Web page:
I've always hated “Silent Night.”

The whiny tune, the maudlin lyrics, the sappy sentimentalism it evokes. Its unassailable preeminence in the Christmas canon. Ugh.

I also think that some texts are best left unreclaimed. “Our Mother who art in Heaven....” “Amazing grace, how sweet the sound/that saved a witch like me....” “The little lord Sun God, asleep in the hay....”

Kill me now, please.

Given these two facts, one would expect that I would categorically reject my teacher Tony Kelly's pagan “Silent Night.” And, for the most part, I do.

And yet.


 Silent Night


Silent night, holy night:

All is dark, dim the light.

Still lies the Mother, and still lies the wild,

Wistfully longing to suckle the child

Stirring now in her womb,

Stirring his feet in her womb.


Silent Earth, holy Earth:

Now she lies, soon she'll give birth.

Then will the longest night be flown away,

Then will her loved one grow strong day by day,

Stirring now in her womb,

Stirring his feet in her womb.


Silent queen, holy queen,

Wrapped in her cloak of green,

Sparkling all over with frost shining bright,

Peaceful and vast in the silver starlight.

Stirs the child in her womb,

Stirs in the deep of her womb.


Silent she lies, holy she lies;

Dark the hills where her Sun shall rise.

All of her heart she gives to this birth,

All our love we give to the Earth:

All for the child in her womb,

All for he stirs in her womb.


Yes, it's clunky (“All is dark, dim the light”), with mis-stressed words (“peaceful and vast in the silver star-light”) and infelicitous phrasings (“Then will the longest night be flown away”).

And yet. And yet.

Without (for the most part) sinking to the sappy, it preserves the tenderness and the stillness of the original, two qualities that have surely given the carol its best-loved, iconic status.

In some ways, Kelly actually improves on the original. The repetition, with variation, of silent...holy at the beginning of each verse lends a unity to the composition that Gruber's lyrics don't have.

And then there's the picture that he paints: the stillness before the birth.

In the raucous lead-up to Yule, who has not gazed out over the silent winter landscape and felt that here, after all, lies the still, silent center of it all. Earth and Sun: the irreducible Solstice.

Certainly one of the things that's so appealing about Christmas is its specificity: the baby in the barn, the feed-box, the animals; shepherds and gold and a star. Pagan Yules could do with more local detailing of this sort, and this Kelly provides, in his usual foresightful way.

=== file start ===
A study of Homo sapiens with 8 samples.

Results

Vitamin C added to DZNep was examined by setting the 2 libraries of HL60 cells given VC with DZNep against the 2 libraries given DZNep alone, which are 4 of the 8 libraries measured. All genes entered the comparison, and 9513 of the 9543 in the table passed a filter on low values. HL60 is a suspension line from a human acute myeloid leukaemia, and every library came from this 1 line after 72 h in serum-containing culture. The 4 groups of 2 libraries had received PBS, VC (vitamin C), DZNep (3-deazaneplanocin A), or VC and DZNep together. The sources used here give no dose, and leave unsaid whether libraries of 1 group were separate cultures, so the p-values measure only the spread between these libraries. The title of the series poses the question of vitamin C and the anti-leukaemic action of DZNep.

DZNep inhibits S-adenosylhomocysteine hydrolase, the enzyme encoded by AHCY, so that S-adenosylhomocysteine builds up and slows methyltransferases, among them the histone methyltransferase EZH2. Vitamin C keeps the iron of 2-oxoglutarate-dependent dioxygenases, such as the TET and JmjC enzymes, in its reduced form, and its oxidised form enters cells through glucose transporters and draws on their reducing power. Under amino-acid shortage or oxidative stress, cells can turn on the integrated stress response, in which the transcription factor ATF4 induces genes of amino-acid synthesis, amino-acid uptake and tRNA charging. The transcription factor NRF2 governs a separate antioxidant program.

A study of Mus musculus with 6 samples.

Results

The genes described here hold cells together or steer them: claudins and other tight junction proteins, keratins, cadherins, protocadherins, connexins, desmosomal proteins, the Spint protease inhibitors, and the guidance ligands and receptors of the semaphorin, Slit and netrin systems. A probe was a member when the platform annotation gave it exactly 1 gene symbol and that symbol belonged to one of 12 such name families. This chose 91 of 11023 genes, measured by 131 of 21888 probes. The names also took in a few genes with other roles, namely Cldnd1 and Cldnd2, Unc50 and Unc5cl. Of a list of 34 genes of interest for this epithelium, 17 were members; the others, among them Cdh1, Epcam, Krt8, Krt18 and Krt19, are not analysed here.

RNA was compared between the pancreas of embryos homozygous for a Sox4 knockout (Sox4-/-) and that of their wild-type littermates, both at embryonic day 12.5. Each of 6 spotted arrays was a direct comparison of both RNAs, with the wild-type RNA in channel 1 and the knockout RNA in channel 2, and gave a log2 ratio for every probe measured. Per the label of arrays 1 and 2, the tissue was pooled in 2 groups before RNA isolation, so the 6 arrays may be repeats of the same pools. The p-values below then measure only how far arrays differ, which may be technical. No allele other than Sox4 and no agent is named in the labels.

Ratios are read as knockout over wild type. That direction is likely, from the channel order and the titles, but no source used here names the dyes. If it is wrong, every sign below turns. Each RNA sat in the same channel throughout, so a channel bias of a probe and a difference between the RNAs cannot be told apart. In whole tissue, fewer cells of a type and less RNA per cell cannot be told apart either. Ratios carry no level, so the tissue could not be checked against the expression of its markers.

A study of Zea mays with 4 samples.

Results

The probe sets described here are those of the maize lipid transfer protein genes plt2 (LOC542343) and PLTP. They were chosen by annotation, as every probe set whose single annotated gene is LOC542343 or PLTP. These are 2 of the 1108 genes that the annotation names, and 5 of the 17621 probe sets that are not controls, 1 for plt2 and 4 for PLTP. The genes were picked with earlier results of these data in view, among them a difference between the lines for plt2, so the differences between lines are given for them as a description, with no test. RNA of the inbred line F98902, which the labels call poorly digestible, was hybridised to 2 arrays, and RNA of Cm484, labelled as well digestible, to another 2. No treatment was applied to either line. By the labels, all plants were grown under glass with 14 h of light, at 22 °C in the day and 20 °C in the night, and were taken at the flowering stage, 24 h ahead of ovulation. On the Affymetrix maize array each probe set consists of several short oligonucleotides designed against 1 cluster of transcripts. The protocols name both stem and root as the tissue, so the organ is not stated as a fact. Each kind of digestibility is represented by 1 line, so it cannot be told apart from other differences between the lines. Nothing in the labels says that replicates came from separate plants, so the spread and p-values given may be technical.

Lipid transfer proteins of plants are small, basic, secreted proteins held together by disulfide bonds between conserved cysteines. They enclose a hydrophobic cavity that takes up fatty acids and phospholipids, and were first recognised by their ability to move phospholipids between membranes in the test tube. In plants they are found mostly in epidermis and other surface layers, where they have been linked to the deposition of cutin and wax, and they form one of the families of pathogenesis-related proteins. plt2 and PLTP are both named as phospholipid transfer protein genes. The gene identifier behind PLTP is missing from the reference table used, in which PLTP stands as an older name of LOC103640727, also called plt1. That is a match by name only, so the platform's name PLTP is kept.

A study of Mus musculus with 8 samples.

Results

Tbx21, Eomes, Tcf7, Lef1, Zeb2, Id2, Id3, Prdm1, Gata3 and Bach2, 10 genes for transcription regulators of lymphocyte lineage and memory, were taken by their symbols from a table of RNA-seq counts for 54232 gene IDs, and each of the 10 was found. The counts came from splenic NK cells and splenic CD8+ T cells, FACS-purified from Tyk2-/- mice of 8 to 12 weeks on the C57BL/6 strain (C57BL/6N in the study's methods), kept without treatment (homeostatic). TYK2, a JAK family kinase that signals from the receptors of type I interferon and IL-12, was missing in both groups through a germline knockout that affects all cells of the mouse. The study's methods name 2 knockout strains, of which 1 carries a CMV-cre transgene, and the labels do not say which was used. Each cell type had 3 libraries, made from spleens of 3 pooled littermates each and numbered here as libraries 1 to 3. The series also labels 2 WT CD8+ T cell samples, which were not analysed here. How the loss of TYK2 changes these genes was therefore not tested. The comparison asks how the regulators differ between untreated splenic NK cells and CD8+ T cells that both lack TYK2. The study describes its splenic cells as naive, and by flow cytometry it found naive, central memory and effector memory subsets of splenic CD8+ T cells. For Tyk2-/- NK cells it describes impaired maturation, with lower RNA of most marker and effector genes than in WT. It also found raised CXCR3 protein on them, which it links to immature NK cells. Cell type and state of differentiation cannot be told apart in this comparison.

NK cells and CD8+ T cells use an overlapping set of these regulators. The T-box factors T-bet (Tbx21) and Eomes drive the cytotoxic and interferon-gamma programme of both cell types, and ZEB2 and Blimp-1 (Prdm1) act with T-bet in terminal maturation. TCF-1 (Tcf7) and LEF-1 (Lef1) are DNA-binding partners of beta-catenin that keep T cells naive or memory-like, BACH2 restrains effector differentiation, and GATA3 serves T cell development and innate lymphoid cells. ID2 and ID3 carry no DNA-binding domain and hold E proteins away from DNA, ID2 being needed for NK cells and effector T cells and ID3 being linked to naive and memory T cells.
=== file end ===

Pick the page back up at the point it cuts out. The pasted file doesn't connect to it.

I love—for example—that the Sun is “stirring his feet in her womb.” It's a detail simultaneously quotidian and cosmic. Babies in utero kick; every mother (to her discomfort) knows that.

But this is the Sun. The Sun walks. Soon—even on the day of his birth—he'll walk from one vast end of the sky to the other, and he does this every day. Even before he's born, he can't wait to begin: stirring his feet in her womb.

And Earth herself, wrapped in her green cloak (Kelly lived in Wales; here in the North Country, it's a white cloak, sure enough): waiting, contemplative, before her night's labors begin.

Here's Kelly's brilliance: to ask—as it behooves every pagan to ask—If Earth and Sun were Persons, how—as Persons—would They be?

“Dark the hills where her Sun shall rise”: here Personification and non-personification operate simultaneously, as they do—as they must—when we're speaking of the Elder Gods, both dizzying, and profound.

Ultimately, in my opinion, the song "Silent Night" is simply too iconic to be reclaimable. Any attempt to do so will read either as satire or as derivative. It's theirs; it will never be ours. If you like it, just sing it as is. (You don't have to mean it.) Let us leave "Silent Night" to its own (such as it is) integrity.

Well, there we are. Tony Kelly was a lonely man. He was so far out ahead of the rest of us that he couldn't help but feel the isolation of the mountaintop. His paganized "Silent Night", in the end, fails. I don't sing it, I don't teach it, and I don't think that it should become part of the Received Tradition.

Yet even in his straying, Kelly shows the way. I hope that some day we will have the Yule carols that manage to do what Kelly does here.

Minus the cultural luggage.


You can see Tony Kelly's Silent Night in its original ritual context—the Pagan Movement in Britain and Ireland's Yule rite—here.